When analysed across five-year intervals, the overall proportion of heart attack-related hospital admissions in the United States attributable to young patients, ages 35 to 54, steadily climbed from 27% in 1995-99 to 32% in 2010-14, with the largest increase observed in young women, according to the study, published recently in the journal circulation.

The study found that overall health has declined among women over the past two decades. Poor health raises the risk of heart-related problems for women, making more research about heart disease in women vital for prevention.

During those periods, there was a rise in these admissions from 21% to 31% among young women, compared with 30% to 33% among young men, the study showed.

My Medical Mantra spoke to doctors to know about whether heart attacks affected Indian women in a similar manner as compared to their American counterparts.

While speaking to My Medical Mantra, Dr Hemant Konkane, a cardiologist from Pune said, “The research has not listed any reasons for the findings. So we can’t talk about it. When we think of India many women die of heart attack as they do not visit hospitals. Awareness about heart related ailments is low and treatment for the same for women is also low.”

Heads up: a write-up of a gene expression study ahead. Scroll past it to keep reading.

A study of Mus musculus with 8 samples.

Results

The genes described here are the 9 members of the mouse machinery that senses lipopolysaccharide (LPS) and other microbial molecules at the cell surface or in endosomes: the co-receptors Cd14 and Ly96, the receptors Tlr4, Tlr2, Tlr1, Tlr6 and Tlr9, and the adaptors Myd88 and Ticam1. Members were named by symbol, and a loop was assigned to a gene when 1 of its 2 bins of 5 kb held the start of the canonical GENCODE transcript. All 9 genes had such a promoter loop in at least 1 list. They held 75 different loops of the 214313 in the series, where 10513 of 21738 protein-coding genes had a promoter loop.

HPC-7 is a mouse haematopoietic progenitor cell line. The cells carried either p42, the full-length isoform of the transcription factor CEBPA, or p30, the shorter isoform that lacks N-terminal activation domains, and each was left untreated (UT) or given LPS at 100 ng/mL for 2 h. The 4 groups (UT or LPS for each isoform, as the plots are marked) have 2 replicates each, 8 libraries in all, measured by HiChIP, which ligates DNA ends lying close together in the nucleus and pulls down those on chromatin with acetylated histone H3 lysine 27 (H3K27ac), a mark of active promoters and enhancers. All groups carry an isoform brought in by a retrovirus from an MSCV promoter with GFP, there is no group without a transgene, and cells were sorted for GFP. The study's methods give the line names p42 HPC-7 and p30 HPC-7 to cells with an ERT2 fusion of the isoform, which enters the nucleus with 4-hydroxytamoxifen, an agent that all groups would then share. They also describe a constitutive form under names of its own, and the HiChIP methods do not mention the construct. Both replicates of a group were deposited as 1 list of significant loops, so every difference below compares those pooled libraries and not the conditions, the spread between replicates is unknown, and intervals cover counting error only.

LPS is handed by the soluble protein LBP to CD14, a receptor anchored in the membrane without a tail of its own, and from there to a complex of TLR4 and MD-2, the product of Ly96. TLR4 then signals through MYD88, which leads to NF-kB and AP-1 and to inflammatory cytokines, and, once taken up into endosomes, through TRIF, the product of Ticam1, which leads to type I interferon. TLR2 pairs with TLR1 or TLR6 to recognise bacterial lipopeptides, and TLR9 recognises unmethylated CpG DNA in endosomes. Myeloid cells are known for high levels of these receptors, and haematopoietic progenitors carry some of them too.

Dr Amit Jagtap, another cardiologist from city said, “Sedentary lifestyle, unhealthy diet, lack of exercise, hectic work hours and demanding jobs are all leading to stressful and unhealthy lifestyle. Women are also equally prone to all these things. It is therefore that we are witnessing many cases of heart attacks and other heart related ailments among women also.”

Risk factors including Type 2 diabetes and high blood pressure may help explain why there has been a rise in heart attacks among young women, but more research is needed to really pinpoint what could be driving this rise

Another study, published last year in the journal Circulation, found that among adults 55 and younger, women were more likely than men to experience lesser-known acute heart attack symptoms in addition to chest pain, and more than half of doctors seeing women who seek care for those symptoms did not realise that the symptoms are heart-related.

Some of those heart attack symptoms also can include shortness of breath; lightheadedness; or feeling pain or discomfort in one or both arms, the back, neck, jaw or stomach, according to the American Heart Association.

If you smoke, have diabetes, or have a family history of heart disease, talk to your doctor about having your blood pressure and blood cholesterol checked regularly.